Thursday, May 24, 2012


from Mojo Music Magazine 2004

Reality is a stubborn thing! When unwavering and steady in it's grind, it is easier to cope with no matter how stark it may actually be for the one experiencing it. The fact that it stays the same and doesn't change overtime, makes it easier to accept. But in my world, and in my life, reality had a nasty habit of changing completely. Things that had been one way for a long time suddenly shifted in front of me to a completely different place, due to outside influences beyond my control. Such was the case on the day Steve Stanley called, in 2003, after hiring a private detective to find me. Had I wanted to be found I would have told people where I was, which I hadn't done, so it is a simple fact that I state here.

What had become routine for me, although dreary as hell, was suddenly pushed out of the foreground to make way for a whole new set of circumstances for me to deal with. I was not asked before it happened, it just happened, and I was forced to deal with it. In reality, looking back now, I wish I had just hung up the phone and not spoken to Steve Stanley. The hook into me was the part where he said the record had been released. It got into the soft part of my flesh through the old door to dreamland and fantasy. Fact is, I did talk to him, repeatedly, because I was weak and wanted to believe in the same old story, the same old promise, the same old lie. For as much as I had learned and changed, in reality, I had not learned or changed at all. Bottom line, I was still Bobby Jameson wearing Chris Lucey's shoes, and that first telephone call proved it.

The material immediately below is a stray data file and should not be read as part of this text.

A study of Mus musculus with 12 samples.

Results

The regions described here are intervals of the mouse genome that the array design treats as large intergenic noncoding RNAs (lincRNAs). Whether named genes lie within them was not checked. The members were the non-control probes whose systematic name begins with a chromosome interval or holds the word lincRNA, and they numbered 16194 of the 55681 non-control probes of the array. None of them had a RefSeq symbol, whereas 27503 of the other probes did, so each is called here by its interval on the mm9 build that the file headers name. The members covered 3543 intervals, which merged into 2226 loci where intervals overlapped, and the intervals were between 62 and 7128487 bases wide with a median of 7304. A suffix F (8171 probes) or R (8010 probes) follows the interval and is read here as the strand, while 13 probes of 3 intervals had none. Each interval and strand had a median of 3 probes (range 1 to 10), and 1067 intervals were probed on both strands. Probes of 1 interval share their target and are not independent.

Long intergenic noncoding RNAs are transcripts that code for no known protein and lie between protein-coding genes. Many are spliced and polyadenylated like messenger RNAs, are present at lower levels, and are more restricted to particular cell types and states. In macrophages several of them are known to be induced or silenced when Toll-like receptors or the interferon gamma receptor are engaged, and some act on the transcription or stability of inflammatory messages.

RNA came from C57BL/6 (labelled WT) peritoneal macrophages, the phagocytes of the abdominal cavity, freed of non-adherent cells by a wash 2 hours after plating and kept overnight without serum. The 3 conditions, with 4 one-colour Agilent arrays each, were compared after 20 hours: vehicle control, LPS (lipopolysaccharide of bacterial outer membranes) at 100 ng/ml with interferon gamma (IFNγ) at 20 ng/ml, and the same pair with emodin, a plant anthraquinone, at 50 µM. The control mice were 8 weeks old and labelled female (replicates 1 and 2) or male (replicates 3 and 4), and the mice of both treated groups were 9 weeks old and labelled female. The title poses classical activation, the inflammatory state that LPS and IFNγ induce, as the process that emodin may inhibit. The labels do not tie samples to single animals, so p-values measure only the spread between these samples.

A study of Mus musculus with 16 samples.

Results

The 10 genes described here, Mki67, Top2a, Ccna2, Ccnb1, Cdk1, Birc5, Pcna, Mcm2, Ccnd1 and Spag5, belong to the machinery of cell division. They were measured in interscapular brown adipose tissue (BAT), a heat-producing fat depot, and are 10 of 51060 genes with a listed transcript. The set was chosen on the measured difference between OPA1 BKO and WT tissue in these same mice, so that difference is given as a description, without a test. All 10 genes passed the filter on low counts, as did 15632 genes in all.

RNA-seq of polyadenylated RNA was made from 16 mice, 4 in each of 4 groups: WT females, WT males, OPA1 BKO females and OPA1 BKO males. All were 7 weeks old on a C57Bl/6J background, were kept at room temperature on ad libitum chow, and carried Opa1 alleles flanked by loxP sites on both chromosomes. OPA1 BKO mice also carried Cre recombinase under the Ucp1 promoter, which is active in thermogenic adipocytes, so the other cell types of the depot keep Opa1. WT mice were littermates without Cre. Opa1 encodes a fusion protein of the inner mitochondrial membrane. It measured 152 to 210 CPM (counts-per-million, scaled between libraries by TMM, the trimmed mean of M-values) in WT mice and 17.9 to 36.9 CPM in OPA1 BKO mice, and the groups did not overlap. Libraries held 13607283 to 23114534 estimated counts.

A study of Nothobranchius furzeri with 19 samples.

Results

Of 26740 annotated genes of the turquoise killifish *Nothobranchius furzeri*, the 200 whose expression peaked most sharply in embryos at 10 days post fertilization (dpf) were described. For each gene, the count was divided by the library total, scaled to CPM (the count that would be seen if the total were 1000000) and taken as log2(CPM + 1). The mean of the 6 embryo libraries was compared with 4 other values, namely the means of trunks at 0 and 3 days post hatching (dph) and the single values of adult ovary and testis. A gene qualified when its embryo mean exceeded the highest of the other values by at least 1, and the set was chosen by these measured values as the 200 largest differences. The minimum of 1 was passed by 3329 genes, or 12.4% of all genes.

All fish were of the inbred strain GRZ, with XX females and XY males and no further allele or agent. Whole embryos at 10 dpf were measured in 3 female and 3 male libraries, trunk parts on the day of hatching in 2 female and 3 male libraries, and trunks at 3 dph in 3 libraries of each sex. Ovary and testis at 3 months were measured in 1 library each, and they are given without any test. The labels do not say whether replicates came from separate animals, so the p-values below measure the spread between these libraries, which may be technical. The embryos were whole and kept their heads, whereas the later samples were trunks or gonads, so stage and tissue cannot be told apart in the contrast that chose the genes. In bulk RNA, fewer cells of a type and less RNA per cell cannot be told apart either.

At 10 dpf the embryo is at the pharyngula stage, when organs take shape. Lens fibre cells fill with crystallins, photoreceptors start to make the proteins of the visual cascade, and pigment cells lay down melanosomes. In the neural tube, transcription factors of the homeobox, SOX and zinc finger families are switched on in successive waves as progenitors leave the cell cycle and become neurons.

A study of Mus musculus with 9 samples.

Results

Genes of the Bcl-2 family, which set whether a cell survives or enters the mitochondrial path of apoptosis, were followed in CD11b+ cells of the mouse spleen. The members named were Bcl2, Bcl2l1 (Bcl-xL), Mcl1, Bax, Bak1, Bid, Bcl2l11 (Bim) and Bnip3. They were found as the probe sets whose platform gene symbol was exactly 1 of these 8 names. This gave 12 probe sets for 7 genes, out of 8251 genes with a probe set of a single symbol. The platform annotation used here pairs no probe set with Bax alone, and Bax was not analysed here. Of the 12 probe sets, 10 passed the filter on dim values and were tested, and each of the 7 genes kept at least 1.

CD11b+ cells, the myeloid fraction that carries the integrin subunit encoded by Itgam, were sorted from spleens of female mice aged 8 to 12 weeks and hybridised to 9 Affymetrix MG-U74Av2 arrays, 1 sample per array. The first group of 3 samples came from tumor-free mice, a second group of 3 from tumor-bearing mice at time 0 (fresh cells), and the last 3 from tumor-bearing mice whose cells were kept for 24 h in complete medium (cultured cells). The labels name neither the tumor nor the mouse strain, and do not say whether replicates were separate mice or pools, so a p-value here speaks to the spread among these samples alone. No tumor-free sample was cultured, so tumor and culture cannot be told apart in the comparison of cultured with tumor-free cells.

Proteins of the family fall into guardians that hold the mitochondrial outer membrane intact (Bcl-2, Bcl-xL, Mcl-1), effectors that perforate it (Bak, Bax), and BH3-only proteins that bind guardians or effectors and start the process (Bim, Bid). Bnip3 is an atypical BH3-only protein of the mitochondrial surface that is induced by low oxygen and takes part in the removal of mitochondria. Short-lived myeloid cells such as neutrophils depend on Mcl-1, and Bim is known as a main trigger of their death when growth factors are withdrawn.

Chris Lucey! The name was even a fake. It was someone who didn't exist, other than in the form of a 1965 album that nobody ever heard of. But I was the guy who made the album, after Surrey Records parted ways with the real Chris Ducey over contract problems and was forced to kill the release of the original record. The previously faceless, nameless voice of Bobby Jameson was now unearthed as the person behind the creation of the album Songs Of Protest And Anti-Protest some forty years later. You could tell me reality didn't shift, but I watched it happen. Of all the work I ever did, this album would have been last on the list of possibilities I ever imagined I would be remembered for.

In 2004 Steve Stanley wrote an article for Mojo Music Magazine which can be read here. It heralded my reluctant return to the world of the infamous and slightly remembered. I refused to let him record an interview saying I thought he had enough material from talking to me over time to write it, which he did. I had grown weary by that time of the circular nature of the answers he was giving, regarding Rev-Ola, Joe Foster, and the others involved in the cd's release. I told him I would only authorize the article if it clearly stated that I had never been paid for anything, which he agreed to.

I had attempted, with little success, to enlighten Steve as to the real story behind the album's creation in 1965. When Steve informed me that Ace Records had acquired the master from Betty Chiapetta, at Surrey, I told him that she had no right to sell the master because of the inherent legal problems surrounding the creation of my version of the album. My position fell, to a great degree, on deaf ears, so my enthusiasm for the release continued to wane. Each time I made a specific point about the facts, such as the song rights, I found myself frustrated by the response. I had no voice with those I was talking about, I only had Steve Stanley's ear. I repeatedly asked him why Joe Foster refused to talk to me, and why he wouldn't send me a few cd's? The answers were mostly, "I don't know, I'll ask him."